The French manufacturer has been reconditioning the mechanical parts of its vehicles since 1949 - a way of encouraging motorists to repair their vehicles rather than scrap them.
Recognizing the need to optimize resource consumption in the automotive industry, Renault has been engaged on a circular economy approach for some years. In order to reduce its dependence on raw materials and its impact on the environment, the manufacturer reflects on everything from the vehicle design to the end of its life.
And it’s nothing new! The production of reconditioned engines on the Choisy-le-Roi site in the Ile-de-France region began in 1949! It has diversified over the years to include six product families. In 2015, 25,370 engines, 15,930 gearboxes and 11,700 injection pumps were refurbished.
"Remanufacturing better known as reconditioning, consists of getting a part or a product back into working order, in its original condition and with its original characteristics," explains the Ellen MacArthur Foundation, which uses the example of the Choisy-le-Roi site to demonstrate the value of this approach. "The sector employs 350,000 people in the United States but only 35,000 in Europe for an equivalent vehicle fleet."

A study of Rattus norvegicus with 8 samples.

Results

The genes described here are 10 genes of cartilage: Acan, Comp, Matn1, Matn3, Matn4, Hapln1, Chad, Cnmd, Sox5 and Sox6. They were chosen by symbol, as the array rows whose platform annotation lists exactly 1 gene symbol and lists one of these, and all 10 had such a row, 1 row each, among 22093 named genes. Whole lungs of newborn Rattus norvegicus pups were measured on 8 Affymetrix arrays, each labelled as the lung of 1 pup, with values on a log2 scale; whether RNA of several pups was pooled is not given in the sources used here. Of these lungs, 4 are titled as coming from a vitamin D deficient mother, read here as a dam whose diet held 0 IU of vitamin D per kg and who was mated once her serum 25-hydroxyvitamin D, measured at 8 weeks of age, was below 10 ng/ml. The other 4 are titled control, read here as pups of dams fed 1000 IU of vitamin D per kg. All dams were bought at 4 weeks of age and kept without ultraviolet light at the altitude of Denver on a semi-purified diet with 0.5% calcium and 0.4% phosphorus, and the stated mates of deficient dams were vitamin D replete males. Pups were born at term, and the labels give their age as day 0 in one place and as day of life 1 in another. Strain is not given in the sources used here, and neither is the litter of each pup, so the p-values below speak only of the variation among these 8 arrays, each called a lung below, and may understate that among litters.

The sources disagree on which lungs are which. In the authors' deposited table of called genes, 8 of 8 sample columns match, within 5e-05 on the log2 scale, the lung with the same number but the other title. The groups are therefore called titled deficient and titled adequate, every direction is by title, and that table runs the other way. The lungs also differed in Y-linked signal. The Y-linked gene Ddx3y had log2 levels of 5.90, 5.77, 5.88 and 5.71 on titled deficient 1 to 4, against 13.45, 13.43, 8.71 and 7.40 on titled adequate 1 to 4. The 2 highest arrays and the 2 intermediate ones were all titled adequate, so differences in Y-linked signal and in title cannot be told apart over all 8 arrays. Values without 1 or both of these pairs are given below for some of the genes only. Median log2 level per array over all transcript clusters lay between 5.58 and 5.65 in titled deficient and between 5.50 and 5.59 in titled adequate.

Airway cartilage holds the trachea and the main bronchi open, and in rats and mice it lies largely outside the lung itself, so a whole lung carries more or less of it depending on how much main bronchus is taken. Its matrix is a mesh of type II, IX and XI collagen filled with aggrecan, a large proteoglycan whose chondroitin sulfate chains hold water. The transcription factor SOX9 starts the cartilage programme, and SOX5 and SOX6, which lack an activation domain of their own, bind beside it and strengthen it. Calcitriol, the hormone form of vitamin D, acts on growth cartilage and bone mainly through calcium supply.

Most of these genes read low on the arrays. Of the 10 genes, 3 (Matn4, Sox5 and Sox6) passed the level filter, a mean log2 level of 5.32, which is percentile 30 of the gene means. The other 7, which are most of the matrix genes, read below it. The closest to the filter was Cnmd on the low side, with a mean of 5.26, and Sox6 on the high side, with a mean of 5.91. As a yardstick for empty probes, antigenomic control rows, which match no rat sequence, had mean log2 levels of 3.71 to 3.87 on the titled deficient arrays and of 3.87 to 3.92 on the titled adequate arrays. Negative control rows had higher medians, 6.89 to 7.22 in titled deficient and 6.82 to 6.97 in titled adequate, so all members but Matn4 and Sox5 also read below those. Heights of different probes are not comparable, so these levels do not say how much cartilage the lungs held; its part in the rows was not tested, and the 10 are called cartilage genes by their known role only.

The reconditioned parts produced by the Choisy-le-Roi plant are used to repair vehicles that are in use. They call it "standard exchange”.
If you take your car to a garage to replace a damaged part, they may be able to offer you a standard exchange part. In addition to being 30 to 50% cheaper, you’ll have a part that is (almost) as good as new, and has a one year warranty!
This standard exchange of reconditioned parts has lots of advantages! It helps extend vehicle life and means motorists, in particular the owners of older cars, can reduce their running costs. As the Ellen MacArthur Foundation points out, in many cases it now makes economic sense to repair vehicles that would otherwise be scrapped because the cost of repairs exceeds their value.
The second advantage is that the reconditioned parts do not undergo a new production process and so the consumption of energy and raw materials is considerably less. "Worldwide, the energy saved by reconditioning parts would be equivalent to the power generated by eight nuclear power plants.” In Choisy-le-Roi, producing reconditioned parts saves 80% of the energy, 88% of the water, 92% of the chemicals and 70% of the waste that manufacturing a brand new part would entail.